In education, we often talk about these two terms as skills that we need to help develop in our students. Teachers work tirelessly to make sure they are offering opportunities for students to make progress in them. Sometimes we use these terms interchangeably, but are they?
Well, according to Merriam-Webster, persistence is “continued effort to do or achieve something despite difficulties, failure, or opposition.” The definition for resilience per Merriam-Webster is “an ability to recover from or adjust easily to adversity or change.” I think the difference between the two is the continued effort required to be persistent and the ability to adjust easily in being resilient. On the Camino, both of these are required.
Every day we walk, we have to call on our persistence muscle. It’s a physical and mental continued effort to walk anywhere from 11 to 21 miles per day. You know what it feels like to walk a long distance, sometimes climbing steep hills or descending down a rocky path. And yet, you persist throughout the day because it is your challenge, your goal to meet. It will eventually come to an end and you know that. Therefore, you go on even though you may have little energy, your knees/feet may be hurting, or you are sweating every drop of liquid you are taking in. Persistence is your driving force.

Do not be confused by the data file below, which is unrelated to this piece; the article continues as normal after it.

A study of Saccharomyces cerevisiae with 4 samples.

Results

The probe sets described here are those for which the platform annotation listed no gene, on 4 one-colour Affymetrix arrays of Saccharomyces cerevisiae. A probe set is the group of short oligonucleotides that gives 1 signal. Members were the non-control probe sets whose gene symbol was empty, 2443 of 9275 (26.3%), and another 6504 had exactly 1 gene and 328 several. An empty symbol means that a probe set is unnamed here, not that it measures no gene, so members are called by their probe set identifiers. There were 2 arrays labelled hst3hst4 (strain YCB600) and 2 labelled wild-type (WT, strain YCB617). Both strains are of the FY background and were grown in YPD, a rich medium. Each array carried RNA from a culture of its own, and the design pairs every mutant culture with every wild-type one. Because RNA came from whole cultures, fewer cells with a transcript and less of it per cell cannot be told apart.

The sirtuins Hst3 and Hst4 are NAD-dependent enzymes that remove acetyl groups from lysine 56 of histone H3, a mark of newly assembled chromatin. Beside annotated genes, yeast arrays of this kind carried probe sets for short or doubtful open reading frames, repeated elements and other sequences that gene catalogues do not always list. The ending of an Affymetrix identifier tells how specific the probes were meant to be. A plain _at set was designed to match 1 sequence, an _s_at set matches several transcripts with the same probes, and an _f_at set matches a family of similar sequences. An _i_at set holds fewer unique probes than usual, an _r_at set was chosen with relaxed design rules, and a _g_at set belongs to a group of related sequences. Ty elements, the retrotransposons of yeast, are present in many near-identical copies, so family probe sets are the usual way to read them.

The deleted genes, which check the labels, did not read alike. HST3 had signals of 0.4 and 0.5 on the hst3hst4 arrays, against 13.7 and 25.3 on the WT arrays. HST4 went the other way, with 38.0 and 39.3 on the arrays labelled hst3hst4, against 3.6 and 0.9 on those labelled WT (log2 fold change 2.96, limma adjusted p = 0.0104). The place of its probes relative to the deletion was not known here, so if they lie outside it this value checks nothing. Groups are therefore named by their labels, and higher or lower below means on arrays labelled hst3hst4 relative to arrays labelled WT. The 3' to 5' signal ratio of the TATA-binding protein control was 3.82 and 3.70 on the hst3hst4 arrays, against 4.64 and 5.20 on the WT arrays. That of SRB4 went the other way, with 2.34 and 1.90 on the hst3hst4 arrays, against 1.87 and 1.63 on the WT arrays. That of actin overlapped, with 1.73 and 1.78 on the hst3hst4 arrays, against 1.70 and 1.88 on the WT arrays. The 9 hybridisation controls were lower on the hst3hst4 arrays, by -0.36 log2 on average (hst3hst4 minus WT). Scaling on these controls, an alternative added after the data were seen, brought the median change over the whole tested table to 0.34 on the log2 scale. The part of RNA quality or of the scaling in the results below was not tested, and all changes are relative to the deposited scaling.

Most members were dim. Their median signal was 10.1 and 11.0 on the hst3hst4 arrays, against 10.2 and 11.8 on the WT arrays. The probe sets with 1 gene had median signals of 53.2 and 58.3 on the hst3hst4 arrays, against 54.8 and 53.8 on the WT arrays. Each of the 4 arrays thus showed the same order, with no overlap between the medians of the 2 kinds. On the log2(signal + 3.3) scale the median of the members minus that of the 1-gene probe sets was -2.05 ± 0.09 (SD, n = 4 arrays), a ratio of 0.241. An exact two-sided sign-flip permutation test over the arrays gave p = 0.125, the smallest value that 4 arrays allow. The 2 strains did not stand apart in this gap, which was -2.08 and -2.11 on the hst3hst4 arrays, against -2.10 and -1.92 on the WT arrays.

Today was a particularly challenging day. There have been others but somehow today was extra special. Most likely it has something to do with that fact that my body is having to do something difficult so many days into the Camino. It was an 18.5 mile trek, with the last 5.2 miles requiring me to climb over 3,000 feet. I had already called in my persistence muscle with the 13.3 miles I had already completed prior to this challenging climb. This is where I needed to call in my resilience muscle. I needed to recover quickly to this adverse change in terrain.
To meet this challenge, the first thing that came out were my best friends, my walking poles. They support my form and help me breathe better which I definitely needed to do on this stretch. Next, I used the zig zag method of climbing in certain parts as they were long uphill sections with no leveling off. Finally, I took a break after about 50 minutes of straight climbing. It was a short respite that was very welcomed by my tired legs. All of these adjustments helped me stay resilient and not give up.
The Camino continues to show me how much this journey relates to life in general. We all have had moments in our life when we’ve had to be persistent and resilient. We have no other choice. Dealing with the trauma of a pandemic these past two years has required us to use these skills. What I know now is that I am much stronger than I think, and the only one placing limits on me is myself.
There is a quote that I came across in a running event that speaks to this very frame of mind. “ Don’t let the things you can’t do, stop you from doing the things you can do.” With persistence and resilience we are all capable of more.